Theories of autism: lessons from Dr House

First published in Cracking the Enigma, 3rd March 2011

I’ve just been watching House. I say watching. To be honest, the details of this week’s plot passed me by as I was trying to follow it whilst simultaneously eating my dinner and having a conversation-slash-argument about, of all things, carbon taxing.

Anyway, the plot is pretty much the same each week: Patient shows up in the hospital with a weird combination of symptoms; House and team conduct various ethically dubious tests; initial diagnosis is  disconfirmed, usually by some new symptom; House finally ends up with the correct diagnosis and a single cause that neatly explains all of the symptoms. The patient this week had some extremely rare syndrome that gave her photographic memory and kidney failure.

So here’s the question I found myself asking: What lessons does House’s anarchic approach to medicine have for autism research? I’m not talking of course about his dodgy ethics, the lack of informed consent or the disregard for proper procedures. We’ve had enough of that recently thank you very much.

The crucial point is that for House the cause he ultimately identifies has to explain everything.

In case you missed Autism 101, autism is defined in terms of impaired social and communication skills, co-occurring with repetitive behaviours and/or restricted interests. But it’s oh so much more than that. Associated features include intellectual disability, epilepsy, sensory hypersensitivity, motor coordination problems, memory difficulties, face processing impairment. And so on. Autism is also associated with certain strengths, particularly in perceptual processing, and a disproportionate (but still rare) incidence of savant skills including amazing feats of artistry, musicianship, and calculation.

If House could explain autism, it would be the best episode ever.

The genius behind House (and yes I do realise he’s a fictional character) is the premise that, although there are many potential explanations for a given individual symptom, start looking at combinations of symptoms and suddenly the plausible underlying causes are reduced drastically.

I do wonder whether autism researchers may be missing a trick here. Social difficulties on their own could have multiple causes. But social difficulties combined with motor discoordination and epilepsy? Suddenly the possibilities are no longer endless.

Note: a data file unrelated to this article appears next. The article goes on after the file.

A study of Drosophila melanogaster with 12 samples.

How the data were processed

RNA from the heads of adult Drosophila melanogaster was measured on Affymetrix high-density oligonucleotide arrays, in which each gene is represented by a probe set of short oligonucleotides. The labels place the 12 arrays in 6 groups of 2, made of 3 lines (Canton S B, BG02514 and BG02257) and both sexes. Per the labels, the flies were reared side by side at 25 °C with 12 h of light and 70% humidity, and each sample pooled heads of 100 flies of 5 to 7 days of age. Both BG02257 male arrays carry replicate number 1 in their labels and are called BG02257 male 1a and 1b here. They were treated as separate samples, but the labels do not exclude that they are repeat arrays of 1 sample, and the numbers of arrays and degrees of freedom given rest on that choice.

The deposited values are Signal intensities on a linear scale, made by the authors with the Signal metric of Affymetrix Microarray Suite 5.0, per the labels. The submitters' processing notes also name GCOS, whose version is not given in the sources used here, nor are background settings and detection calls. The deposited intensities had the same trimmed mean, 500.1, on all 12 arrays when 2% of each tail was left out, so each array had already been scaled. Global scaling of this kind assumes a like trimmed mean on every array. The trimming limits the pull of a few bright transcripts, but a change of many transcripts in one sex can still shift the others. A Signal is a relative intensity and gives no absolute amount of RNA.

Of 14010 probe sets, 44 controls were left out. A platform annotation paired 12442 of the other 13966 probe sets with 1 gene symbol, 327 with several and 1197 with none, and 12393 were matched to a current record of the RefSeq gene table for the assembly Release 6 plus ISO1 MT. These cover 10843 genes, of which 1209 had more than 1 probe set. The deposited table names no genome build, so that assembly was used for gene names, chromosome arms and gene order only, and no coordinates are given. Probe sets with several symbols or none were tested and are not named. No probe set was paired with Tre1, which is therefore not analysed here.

But here comes the big “however”. House is dealing with a single patient. He knows that all of the symptoms he’s trying to account for affect that one patient. With autism, on the other hand, we’re dealing with a group of people who, in a very general sense, have some things in common but, as individuals, are all different from one another.  We know, for example, that people with an autism diagnosis tend to have issues of social anxiety and also that many are hypersensitive to sound. But we don’t know if it’s the same individuals in both cases. So should we be thinking in terms of a common mechanism that could neatly account for both features, or would that be trying to explain the co-occurrence of two things that never actually co-occur?

Over the years, a number of grand unifying theories of autism have been proposed that try and link together different symptoms. But they are all theories of autism, assuming that autism is a single homogeneous entity.

I’m not suggesting that we need a completely new theory for every individual. But I do genuinely believe that if we’re ever going to make sense of autism, we need to recognise the fact that the ‘core’ symptoms that define autism can come about by a number of different means. Any given theory probably won’t apply to everyone.

The lesson from House is that looking at all the symptoms might help identify these different causal pathways.